Kyle Larson
"On a personal level just how close I’ve been to winning this race (Chili Bowl) maybe it’s meant more to me, but now that I’ve won the Chili Bowl, the Daytona 500 is going to be the next race that I want to win the most.” (Photo: Brendon Bauman / Speedsport)

Opinion: Larson’s Passion for Racing Should Never be in Doubt

Are you a racer…or are you not? That’s the question many should ask themselves. Whether it’s a Thunder Stock race on a local dirt track like Limaland or the sports biggest stage, the Daytona 500.

It’s all racing, and since the day Kyle Larson was born, he’s been a racer.

Dirt, Asphalt, two wheels or four, straight lines or corners, racing at its purest form is what most of us fell in love with.

Kyle Larson was wrongly criticized on social media following his Chili Bowl Midget Nationals victory, where the excited Larson got out of his race car and apologized to NASCAR and the sanctioning body before saying, "This is the biggest race I’ve ever won"

And that’s saying something, because Larson has won some very big races.

"I’ve obviously said in the past that the Chili Bowl is bigger than the Daytona 500, and it’s not." Larson said "The size of the fans and the purse in the Daytona 500, I’ve never raced in anything like it. On a personal level just how close I’ve been to winning this race (Chili Bowl) maybe it’s meant more to me, but now that I’ve won the Chili Bowl, the Daytona 500 is going to be the next race that I want to win the most."

By some fan’s estimation, one would say that a preliminary night victory at Knoxville would rank above the Chili Bowl, at least when it comes to pay, but that’s for a different story.

You see every driver has ‘that’ race. Kyle Larson has spent 13 of his 27 years on this planet trying to win the Chili Bowl. In fact, long before that he probably dreamed of it. But he also dreamed of being Jeff Gordon winning the Daytona 500, or Tony Stewart winning the Brickyard 400.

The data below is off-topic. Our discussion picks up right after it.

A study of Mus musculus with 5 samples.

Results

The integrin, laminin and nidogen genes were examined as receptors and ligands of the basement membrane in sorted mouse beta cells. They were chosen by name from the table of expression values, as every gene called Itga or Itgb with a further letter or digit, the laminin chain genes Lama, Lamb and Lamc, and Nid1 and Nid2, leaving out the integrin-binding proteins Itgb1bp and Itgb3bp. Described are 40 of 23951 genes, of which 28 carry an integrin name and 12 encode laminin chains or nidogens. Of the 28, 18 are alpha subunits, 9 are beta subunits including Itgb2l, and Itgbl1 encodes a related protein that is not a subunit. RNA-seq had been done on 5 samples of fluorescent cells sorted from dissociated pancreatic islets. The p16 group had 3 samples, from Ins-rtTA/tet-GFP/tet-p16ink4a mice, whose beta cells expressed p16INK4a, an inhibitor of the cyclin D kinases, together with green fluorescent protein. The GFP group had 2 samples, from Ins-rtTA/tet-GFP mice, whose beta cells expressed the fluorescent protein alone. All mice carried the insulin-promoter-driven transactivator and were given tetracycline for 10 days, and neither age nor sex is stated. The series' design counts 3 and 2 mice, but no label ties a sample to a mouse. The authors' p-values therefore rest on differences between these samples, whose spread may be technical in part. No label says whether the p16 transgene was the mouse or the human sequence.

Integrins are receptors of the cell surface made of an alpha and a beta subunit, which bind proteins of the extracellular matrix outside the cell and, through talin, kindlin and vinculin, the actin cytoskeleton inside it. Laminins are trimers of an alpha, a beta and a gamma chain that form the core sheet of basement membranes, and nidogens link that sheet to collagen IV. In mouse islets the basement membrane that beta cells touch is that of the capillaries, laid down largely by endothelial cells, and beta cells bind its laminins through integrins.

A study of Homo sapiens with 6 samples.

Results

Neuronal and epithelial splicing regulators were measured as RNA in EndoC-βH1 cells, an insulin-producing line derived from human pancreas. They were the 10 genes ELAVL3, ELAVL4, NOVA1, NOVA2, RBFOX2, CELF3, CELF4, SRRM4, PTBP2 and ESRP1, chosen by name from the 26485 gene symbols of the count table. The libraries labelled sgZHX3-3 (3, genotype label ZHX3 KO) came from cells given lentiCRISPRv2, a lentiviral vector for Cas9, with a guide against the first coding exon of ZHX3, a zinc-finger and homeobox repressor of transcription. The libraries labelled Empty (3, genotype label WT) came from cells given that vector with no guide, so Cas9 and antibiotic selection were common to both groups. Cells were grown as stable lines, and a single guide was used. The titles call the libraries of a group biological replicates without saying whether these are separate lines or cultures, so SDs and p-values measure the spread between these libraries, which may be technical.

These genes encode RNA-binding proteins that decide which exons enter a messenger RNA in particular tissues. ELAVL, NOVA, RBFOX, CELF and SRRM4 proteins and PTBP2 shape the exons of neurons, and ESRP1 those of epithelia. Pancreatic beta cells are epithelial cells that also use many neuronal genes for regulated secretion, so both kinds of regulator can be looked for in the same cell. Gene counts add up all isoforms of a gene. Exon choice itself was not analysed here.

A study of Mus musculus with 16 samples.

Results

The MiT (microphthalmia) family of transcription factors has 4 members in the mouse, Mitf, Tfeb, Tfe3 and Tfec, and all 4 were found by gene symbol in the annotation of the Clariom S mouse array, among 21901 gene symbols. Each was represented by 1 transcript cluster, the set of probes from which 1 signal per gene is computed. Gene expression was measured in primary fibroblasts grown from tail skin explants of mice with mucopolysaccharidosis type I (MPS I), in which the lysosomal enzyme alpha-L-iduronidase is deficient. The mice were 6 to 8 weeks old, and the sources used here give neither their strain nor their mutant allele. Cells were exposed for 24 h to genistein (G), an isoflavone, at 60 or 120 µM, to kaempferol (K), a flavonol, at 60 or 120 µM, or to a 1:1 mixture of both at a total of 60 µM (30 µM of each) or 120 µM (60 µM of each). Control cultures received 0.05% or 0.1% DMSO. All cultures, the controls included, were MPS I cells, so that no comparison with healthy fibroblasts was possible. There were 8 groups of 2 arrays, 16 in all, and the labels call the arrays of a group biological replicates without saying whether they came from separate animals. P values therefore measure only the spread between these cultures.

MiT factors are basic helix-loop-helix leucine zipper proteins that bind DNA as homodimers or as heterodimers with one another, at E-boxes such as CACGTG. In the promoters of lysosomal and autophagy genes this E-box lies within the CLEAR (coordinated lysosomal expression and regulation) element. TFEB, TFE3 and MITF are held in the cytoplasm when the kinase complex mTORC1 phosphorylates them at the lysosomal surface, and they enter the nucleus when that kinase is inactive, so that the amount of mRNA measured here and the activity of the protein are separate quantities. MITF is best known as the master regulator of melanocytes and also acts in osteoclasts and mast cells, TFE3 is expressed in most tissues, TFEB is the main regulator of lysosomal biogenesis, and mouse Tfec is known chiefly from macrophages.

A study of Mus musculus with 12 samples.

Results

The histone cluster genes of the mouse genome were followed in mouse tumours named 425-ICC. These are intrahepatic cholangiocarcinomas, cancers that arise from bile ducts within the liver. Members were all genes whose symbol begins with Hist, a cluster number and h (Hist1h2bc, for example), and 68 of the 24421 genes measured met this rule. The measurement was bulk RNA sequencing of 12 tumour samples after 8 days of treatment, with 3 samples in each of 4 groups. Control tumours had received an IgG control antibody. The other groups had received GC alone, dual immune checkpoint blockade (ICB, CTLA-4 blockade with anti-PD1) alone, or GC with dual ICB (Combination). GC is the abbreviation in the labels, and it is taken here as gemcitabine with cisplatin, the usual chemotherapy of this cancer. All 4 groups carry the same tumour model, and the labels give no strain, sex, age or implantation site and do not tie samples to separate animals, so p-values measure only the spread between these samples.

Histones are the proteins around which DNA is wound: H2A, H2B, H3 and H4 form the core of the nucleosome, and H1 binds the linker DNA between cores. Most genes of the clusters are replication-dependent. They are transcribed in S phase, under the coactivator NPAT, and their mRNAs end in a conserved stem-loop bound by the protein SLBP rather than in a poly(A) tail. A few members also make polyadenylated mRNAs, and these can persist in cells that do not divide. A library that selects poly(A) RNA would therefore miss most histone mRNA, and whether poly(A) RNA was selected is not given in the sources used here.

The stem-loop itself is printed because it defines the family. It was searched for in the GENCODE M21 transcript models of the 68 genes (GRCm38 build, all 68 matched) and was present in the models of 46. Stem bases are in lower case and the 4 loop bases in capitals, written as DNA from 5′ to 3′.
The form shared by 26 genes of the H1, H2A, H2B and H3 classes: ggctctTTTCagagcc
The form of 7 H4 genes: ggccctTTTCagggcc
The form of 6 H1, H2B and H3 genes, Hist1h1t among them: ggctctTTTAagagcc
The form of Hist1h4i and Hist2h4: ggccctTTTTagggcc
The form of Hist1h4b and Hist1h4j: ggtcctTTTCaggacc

"It’s pretty unbelievable to finally get it done, I’ve been trying for a long time to win this, pretty much half of my entire life, and I’m still young." Larson said following his victory in Tulsa.

"It’s been a great run this off-season and hopefully we can turn this momentum into the NASCAR season."

Larson’s excitement for winning the Chili Bowl was probably only more enhanced by the fact that many unforeseen circumstances had taken it away from him in past years.

Every racer has their race. The one they circle every year, or a career defining bucket-list win that eats at them until achievement.

Cup Series driver Alex Bowman has dreamed of winning an event that doesn’t even exist anymore.

"I want to win the Turkey Night Grand Prix at Irwindale." Bowman said on Episode 76 of Rip The Fence. "I will always want to win that race, it mentally matters more than any other race to me.

"To me the Daytona 500 is more important than the Chili Bowl, but I also don’t take the Chili Bowl as seriously as Larson and (Christopher) Bell. I understand the way they feel and I understand the things Kyle says about the Chili Bowl, because if we were still racing Turkey Night at Irwindale I would be going to that race and saying the same thing, because it’s the race I grew up wanting to win."

Bowman, who also raced at the Chili Bowl and drives in the Cup Series for Hendrick Motorsports says Larson’s comments were misunderstood and gave a notion as to why Larson gets such a hard time.

"Because it’s 2020 and everyone wants to complain about everything. If he would have said it was just the Chili Bowl, someone would have complained about that." Bowman said.

Ryan Newman, who raced for Clauson Marshall Racing at this year’s Chili Bowl and drives for Roush Fenway Racing in the Cup Series, agrees.

"People are always going to take things wrong when you are passionate enough about something," Newman said Wednesday at a Roush Fenway Racing media event. "I feel like what he said was spot on for what it means to him. When you work 13 years to go win a race, that is special, that means a lot.

"I mean you look at his first race there, his ears thickened out, little kid barely looked like he was 13, he barely looks like he is 18 now. He’s 27, but half of his life he has documented working to win that race and when you achieve that it’s just special."

"And he is going to continue to try to win the Brickyard 400, Daytona 500, Southern 500, and he’s probably going to win one of them if not all three of them. People who don’t have a passion for our sport lose an understanding of how intimate it is for us when we do win. It’s not just another game, it is a race, it is a championship."

The opinions expressed here are those of the writer and do not necessarily reflect the positions of the Motor Racing Network.